This tribute/ counterfeit/ cousin is produced by Master Foods, (Austria 7091 BREITENBRUNN) and the chocolate covered wafer carrying a chopped hazel nut layer is delivered as 2 wafers weighing a total of 31g, and each 2 finger unit can come as part of a 5 multipack.
The colouring of the wrapper is different to as I think back on the Banjo, I get an image of a blue wrapper, but I admit I could well be confusing this with the "Blue Riband/ Blue Ribbon" ("I got those can't get enough of those Blue Riband Blues, Blue Riband's the wafer biscuit I always choose. When my woman......
I am relatively new to the site and I apologise if I am covering old ground here or opening up cases which have long since been closed.
P.S None of my Dutch mates have ever heard of the Siroop Wafel coming under a layer of chocolate (recent correspondence). I will ask a Belgian when I see one, there seem to be some regional differences in some biscuits in the Benelux countries.
|Nicey replies: Ian,
I have to cast my mind back to the very early 1970's for my memories of Banjos so I would have been six or seven then. I do remember that the cross section was very square, that the wafer was very light and quite deep with not many layers and that there was a layer of caramel on top with nutty bits in. Also there were two wafers per pack.
Now your German Banjos seem to match this memory in every detail, plus they are made by global food giant Masterfoods, who are well known for Twix, Mars, Maltesers, Milky Way and so on. So it seems that you have indeed found the Banjo's of old safe and well in Germany. This is very exciting news and could dictate our plans this summer as team NOCTAASD forages around on continental Europe.
|Robin and Danielle
||Hello Nicey and Wifey|
We only found your website three days ago by complete accident, and now it’s the most favourite of our favourites. It’s especially appreciated, since we live in Romania, where the selection of biscuits in the shops is dire, and the black tea is prohibitively expensive (they all drink fruit teas here, for their supposed health benefits). Anyway, the way I stumbled across you was that I was trying to do a Google search for a biscuit called ‘Decadent’ that existed for a brief time in Britain in the late 1980’s (I think). It lived up to its name – it was big, loaded with chocolate chunks and other stuff, expensive and superb. Do you (or any readers) remember it and know what happened to it?
Best wishes, Robin and Danielle
|Nicey replies: In the late 1980s my life style was very far from decadent, and I was probably subsisting on large packets of GingerNuts and the odd Digestive. So I never tangled with these biscuits, although they do sound very shoulder pads and loads of money.|
Have been utterly enthralled both by the book and the website. I wonder if the undoubted resutant upsurge in teabag consumption compensates for the fall from those convering to your 'two cups from one bag' advice.
Anyway, my reason for writing is to ask if you can remember the biscuit pictured here in a new guise. I have a hazy memory of these being brought home by the Mummy in my young days and I'm pretty sure they were packaged in some silver paper wrapped about the sort of corrugated cardboard which these days is to be found sat atop the uppermost layer in a box of posh chocolates. This packing was necessary, because these came in Garibaldi-style long megabiscuit format. However, these biscuits being so light and delicate, Garibaldi-style packaging would have presented the user with a bag of crumb and dust. Indeed, whilst one could be quite cavalier in Garibaldi separation, dividing these chappies into their individual form was quite a task; tapping one soundly on the plate, for instance, was likely to reduce the megabiscuit to many thousands of fragments. I'm sure they are of similar constitution to the non-cream part of a Mr Kipling Viennese Whirl.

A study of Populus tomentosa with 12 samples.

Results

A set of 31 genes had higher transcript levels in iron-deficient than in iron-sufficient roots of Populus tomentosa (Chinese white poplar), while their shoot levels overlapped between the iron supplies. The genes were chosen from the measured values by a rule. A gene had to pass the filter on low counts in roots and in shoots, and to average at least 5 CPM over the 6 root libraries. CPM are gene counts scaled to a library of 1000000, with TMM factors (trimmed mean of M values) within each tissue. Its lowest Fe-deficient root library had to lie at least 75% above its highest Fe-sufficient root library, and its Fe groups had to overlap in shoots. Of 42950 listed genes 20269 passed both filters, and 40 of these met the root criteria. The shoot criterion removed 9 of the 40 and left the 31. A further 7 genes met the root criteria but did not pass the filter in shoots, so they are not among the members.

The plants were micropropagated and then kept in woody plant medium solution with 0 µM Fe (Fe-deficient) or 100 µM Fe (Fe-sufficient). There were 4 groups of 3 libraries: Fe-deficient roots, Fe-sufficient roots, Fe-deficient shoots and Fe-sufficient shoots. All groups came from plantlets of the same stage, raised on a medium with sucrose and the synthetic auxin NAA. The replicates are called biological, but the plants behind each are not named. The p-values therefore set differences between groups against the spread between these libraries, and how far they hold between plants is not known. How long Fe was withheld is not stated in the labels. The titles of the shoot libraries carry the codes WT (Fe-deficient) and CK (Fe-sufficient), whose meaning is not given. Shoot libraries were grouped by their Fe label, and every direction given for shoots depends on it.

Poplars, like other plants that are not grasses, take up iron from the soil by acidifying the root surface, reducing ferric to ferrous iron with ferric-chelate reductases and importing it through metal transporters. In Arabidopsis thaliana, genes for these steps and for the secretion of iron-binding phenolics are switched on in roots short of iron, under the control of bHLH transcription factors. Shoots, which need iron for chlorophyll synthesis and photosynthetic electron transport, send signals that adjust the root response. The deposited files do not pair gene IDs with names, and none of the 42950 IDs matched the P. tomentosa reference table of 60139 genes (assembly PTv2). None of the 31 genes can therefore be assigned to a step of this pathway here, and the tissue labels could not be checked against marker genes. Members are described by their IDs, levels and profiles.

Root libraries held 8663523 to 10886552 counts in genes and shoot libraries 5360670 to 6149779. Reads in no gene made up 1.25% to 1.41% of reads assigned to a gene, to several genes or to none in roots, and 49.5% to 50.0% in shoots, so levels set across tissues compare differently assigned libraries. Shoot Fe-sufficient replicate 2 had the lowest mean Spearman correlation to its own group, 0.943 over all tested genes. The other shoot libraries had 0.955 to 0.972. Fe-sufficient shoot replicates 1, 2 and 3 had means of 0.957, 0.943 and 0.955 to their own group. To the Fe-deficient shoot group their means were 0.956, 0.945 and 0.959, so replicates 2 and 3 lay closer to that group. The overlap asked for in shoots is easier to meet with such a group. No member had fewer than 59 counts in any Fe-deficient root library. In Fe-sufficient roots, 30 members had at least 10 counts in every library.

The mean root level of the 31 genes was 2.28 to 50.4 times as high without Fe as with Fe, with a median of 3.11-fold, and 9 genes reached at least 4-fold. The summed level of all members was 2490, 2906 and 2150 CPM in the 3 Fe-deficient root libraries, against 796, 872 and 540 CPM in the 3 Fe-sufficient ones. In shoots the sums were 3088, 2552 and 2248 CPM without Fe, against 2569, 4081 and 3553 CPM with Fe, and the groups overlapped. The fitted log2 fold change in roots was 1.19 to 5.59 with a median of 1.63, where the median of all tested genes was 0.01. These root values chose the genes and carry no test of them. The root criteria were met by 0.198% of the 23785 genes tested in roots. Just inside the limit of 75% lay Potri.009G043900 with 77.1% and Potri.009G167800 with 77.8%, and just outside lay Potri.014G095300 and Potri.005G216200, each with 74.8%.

My wife - who spotted the packet whose scan is attached and brought it home - seems to remember that they were made by Bahlsen, but I'm pretty sure that's not the case. Any light you can throw on the matter would be welcome, since we have postponed a tasting session until we can find out the original name of these biscuits; somehow it seems wrong to tuck in in our current state of 'tip-of-our-tongue'dness.
All the best.
|Nicey replies: Hello Ray,
Right I've never encountered the biscuits of which you speak, they do sound like an import. The remembrance of a foil inner pouch is very indicative of Bahlsen as this would be their 'Tet' packaging. However its likely that other continental manufacturers would have adopted a similar format to the market leader, so its by no means certain.
||Hello Biscuit Lovers,|
I remember cartoonies from my childhood. As they are no longer widely available I have replaced them in my lunchbox with "Hello Panda" biscuits. They meet all Nicola's requirements too, as they are small; spherical; chocolate filled; decorated with a cartoon (fore mentioned panda doing lots of exciting activities, like smelling a flower and driving a car); and they come in a box which has a little foil bag inside to keep them fresh, not that that's a problem in my house.
I'm not sure how easy it is to get hold of them outside Liverpool, but I get mine in Chinese supermarkets. A box costs about 85p, pricey I know, but they're worth it.
To save Nicola from disappointment I feel I must place my hand on my heart and admit that Hello Panda's are not as nice as Cartoonies, this may be because Cartoonies have been elevated in my estimation due to their departure from the shelves, but I think it's probably the inferior chocolate.
Hope this is helpful,
(By the way, a friend bought me a box of the strawberry flavour 4 months ago, and they are still in my cupboard, enough said.)